In Zimbabwe beggars apparently can be choosers. While people all over the world clamour for vaccines against the Covid 19 pandemic, Zimbabwe has turned down a donation of 3 million doses.
The vaccines were to have been delivered by the African Export-Import Bank which, under a deal with the African Union, will pay for 220 million doses. Zimbabwe’s rejection of its allocation is not a problem for the African Union, which can simply reallocate the vaccines to other countries. But it certainly is a problem for the people of Zimbabwe.
As leaders of the world’s major democratic countries met in the UK it was estimated that less than 1% of vaccinations have been in Africa. The ‘Group of Seven’ democratic powers agreed to donate hundreds of millions more vaccines, but it is doubtful whether Zimbabwe can pick and choose.
It has been suggested that the reason Zimbabwe turned down the donation was because the vaccine offered was made by Johnson & Johnson in the UK, which is one of the world’s leaders in vaccinations. In a letter to the African Export-Import Bank, the Zimbabwe government said it was analysing possible side effects of the vaccine.
Finance Ministry secretary George Guvamatanga also said the country does not have facilities to store the vaccine at 2 – 8 degrees Celsius. But Dr Norman Matara, of the Zimbabwe Association of Doctors for Human Rights, said the Johnson & Johnson vaccines were stored at the same temperature as China’s Sinopharm and Sinovac vaccines, which Zimbabwe has been using since February.
Dr Matara said that, in addition, the Johnson & Johnson vaccine only required one dose while the Chinese vaccines needed two.’ So, we do not get it why they would reject those vaccines.’ He could have added that the Chinese vaccines have proved less efficacious than Western alternatives.
Political commentator Rejoice Ngwenya said poor relations between Zimbabwe and the UK was the main reason the donation was rejected, he said it was tragic when citizens were under threat. ‘I really think that the ZANU-PF government should desist from politicizing these issues and get out of its arrogance to ensure the safety and security of citizens of Zimbabwe is safeguarded.’
The government says it still has vaccines it has obtained from China, Russia and India but many places have run out of vaccines and there was a protest last week at the country’s main vaccination centre in Harare (see: https://www.voanews.com/covid-19-pandemic/zimbabwe-rejects-donation-covid-19-vaccine-amid-shortages).
- The European Union says it cannot fully engage with the Zimbabwean government unless it implements far-reaching political and economic reforms. After a meeting in Harare with the Foreign Affairs and International Trade Minister Frederick Shava, the EU said it had expressed concern over curtailed democratic space in Zimbabwe over the last year and reports of continued violations of human rights such as enforced disappearances and lengthy unjustified detentions, the arrests of journalists and other limitations to freedom of expression and the media (see: https://www.newsday.co.zw/2021/06/no-reforms-no-ties-renewal-eu-tells-ed/).
- One the two MDC Alliance activists freed from prison after ten years for a crime they did not commit, Tungamirai Madzokere has told Newsday about the harrowing treatment they underwent. His sleeping space was so small he could not turn over. Many people died because of the poor diet and harsh conditions and others went insane (see: https://www.newsday.co.zw/2021/06/mdc-jailbirds-recount-tale-of-horror/).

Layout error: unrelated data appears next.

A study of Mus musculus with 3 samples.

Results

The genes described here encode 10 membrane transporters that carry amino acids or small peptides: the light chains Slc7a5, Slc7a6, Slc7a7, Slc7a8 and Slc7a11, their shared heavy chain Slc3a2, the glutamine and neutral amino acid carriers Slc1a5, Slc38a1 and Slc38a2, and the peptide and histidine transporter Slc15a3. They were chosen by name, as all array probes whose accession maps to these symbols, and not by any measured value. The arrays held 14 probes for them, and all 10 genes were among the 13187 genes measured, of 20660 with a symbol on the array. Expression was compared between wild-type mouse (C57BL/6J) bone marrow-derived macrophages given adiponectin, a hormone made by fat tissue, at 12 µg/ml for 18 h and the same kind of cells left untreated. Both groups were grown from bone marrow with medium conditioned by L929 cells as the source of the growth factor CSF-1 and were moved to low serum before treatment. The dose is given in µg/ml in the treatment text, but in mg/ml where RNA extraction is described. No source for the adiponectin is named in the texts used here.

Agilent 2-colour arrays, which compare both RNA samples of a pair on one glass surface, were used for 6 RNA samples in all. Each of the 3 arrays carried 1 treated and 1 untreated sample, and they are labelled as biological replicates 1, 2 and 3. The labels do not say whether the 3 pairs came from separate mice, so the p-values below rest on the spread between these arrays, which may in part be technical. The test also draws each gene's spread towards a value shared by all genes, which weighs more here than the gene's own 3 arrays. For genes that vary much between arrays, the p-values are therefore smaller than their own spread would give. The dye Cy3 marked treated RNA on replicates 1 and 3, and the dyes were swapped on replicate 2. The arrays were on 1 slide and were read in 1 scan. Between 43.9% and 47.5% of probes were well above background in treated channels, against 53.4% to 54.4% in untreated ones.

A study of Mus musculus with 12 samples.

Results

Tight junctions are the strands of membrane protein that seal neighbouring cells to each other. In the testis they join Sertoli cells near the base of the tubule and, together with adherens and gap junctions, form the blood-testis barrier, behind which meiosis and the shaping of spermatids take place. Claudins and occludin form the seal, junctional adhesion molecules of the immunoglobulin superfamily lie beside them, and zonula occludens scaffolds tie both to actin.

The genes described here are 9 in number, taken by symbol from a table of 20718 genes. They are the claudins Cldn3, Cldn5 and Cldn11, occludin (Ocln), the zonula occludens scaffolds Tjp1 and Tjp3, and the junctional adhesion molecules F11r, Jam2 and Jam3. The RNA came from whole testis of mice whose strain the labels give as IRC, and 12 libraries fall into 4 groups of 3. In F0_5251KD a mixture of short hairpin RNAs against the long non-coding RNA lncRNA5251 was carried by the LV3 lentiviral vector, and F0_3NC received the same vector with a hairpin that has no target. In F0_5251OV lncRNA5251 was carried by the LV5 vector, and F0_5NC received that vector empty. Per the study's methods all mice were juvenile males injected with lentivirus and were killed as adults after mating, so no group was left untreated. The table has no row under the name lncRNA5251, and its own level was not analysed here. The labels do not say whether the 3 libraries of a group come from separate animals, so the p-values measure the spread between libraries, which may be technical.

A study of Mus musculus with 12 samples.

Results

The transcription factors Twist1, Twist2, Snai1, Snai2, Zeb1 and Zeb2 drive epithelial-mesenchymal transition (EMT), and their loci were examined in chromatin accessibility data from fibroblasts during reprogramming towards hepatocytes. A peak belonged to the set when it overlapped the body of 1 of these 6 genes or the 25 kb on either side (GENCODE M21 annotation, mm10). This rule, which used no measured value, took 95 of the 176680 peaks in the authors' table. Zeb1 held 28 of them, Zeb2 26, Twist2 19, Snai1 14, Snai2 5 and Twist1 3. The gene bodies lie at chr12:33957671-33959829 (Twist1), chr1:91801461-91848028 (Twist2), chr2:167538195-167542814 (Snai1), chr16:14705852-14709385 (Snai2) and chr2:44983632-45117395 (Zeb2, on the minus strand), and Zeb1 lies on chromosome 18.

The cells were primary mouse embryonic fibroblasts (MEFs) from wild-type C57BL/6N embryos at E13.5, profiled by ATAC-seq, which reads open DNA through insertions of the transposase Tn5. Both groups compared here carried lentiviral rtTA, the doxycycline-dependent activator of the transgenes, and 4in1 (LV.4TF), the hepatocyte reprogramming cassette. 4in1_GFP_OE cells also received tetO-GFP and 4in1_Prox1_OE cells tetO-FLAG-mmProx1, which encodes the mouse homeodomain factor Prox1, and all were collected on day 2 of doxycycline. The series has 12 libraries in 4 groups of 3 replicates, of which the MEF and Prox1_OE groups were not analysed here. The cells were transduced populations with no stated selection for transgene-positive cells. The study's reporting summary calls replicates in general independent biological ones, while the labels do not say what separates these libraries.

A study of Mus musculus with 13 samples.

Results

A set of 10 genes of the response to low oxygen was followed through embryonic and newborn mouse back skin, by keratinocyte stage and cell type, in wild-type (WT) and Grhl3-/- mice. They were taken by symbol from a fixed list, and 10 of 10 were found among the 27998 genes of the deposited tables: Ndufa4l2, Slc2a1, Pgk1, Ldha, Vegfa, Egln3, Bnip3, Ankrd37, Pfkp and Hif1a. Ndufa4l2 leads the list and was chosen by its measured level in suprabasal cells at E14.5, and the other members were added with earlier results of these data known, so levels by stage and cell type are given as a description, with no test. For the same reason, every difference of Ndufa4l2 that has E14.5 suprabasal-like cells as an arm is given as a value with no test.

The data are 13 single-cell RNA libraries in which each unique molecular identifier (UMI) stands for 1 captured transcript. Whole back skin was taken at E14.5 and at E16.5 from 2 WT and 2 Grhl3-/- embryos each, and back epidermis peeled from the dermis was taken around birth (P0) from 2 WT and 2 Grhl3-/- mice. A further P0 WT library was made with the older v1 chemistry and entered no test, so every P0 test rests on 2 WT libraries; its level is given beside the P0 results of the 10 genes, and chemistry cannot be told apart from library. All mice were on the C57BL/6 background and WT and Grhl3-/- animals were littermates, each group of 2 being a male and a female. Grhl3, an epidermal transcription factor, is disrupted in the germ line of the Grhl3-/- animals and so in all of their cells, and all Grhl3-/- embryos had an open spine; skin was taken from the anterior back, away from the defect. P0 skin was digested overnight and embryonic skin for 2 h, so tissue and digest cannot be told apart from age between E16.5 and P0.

- Many Vigil activists will welcome the opportunity to remember 7-year-old Jesse Tafara Gwatidzo (who passed away last month. Jesse’s ‘Celebration of Life’ ceremony will be held on Friday 25 June at Beckenham Cemetery. Funeral at 1.15 pm and Burial at 2 pm. For more details: https://jessegwatidzo.muchloved.com/. All are welcome.
- Because of the coronavirus we can no longer physically meet outside the Zimbabwe Embassy in London, so we have a virtual Vigil while the restrictions continue. We ask our activists to put on Vigil / ROHR / Zimbabwe regalia and take a photo of themselves holding an appropriate poster reflecting our protest against human rights abuses in Zimbabwe. The photos are uploaded on our Flickr site: https://www.flickr.com/photos/zimbabwevigil/albums/72157719401084339/with/51243664770/. Our virtual Vigil activist today was Grace Munyanyi who kindly contributed to Vigil funds.
- For Vigil pictures check: http://www.flickr.com/photos/zimbabwevigil/. Please note: Vigil photos can only be downloaded from our Flickr website.
- Jesse’s ‘Celebration of Life’ Ceremony. Friday 25th June at Beckenham Cemetery, Elmers End Road, Beckenham, Kent BR3 4TD. Funeral at 1.15 pm and Burial at 2 pm. For more details: https://jessegwatidzo.muchloved.com/. All are welcome.
- The Restoration of Human Rights in Zimbabwe (ROHR) is the Vigil’s partner organisation based in Zimbabwe. ROHR grew out of the need for the Vigil to have an organisation on the ground in Zimbabwe which reflected the Vigil’s mission statement in a practical way. ROHR in the UK actively fundraises through membership subscriptions, events, sales etc to support the activities of ROHR in Zimbabwe. Please note that the official website of ROHR Zimbabwe is http://www.rohrzimbabwe.org/. Any other website claiming to be the official website of ROHR in no way represents us.
- The Vigil’s book ‘Zimbabwe Emergency’ is based on our weekly diaries. It records how events in Zimbabwe have unfolded as seen by the diaspora in the UK. It chronicles the economic disintegration, violence, growing oppression and political manoeuvring – and the tragic human cost involved. It is available at the Vigil. All proceeds go to the Vigil and our sister organisation the Restoration of Human Rights in Zimbabwe’s work in Zimbabwe. The book is also available from Amazon.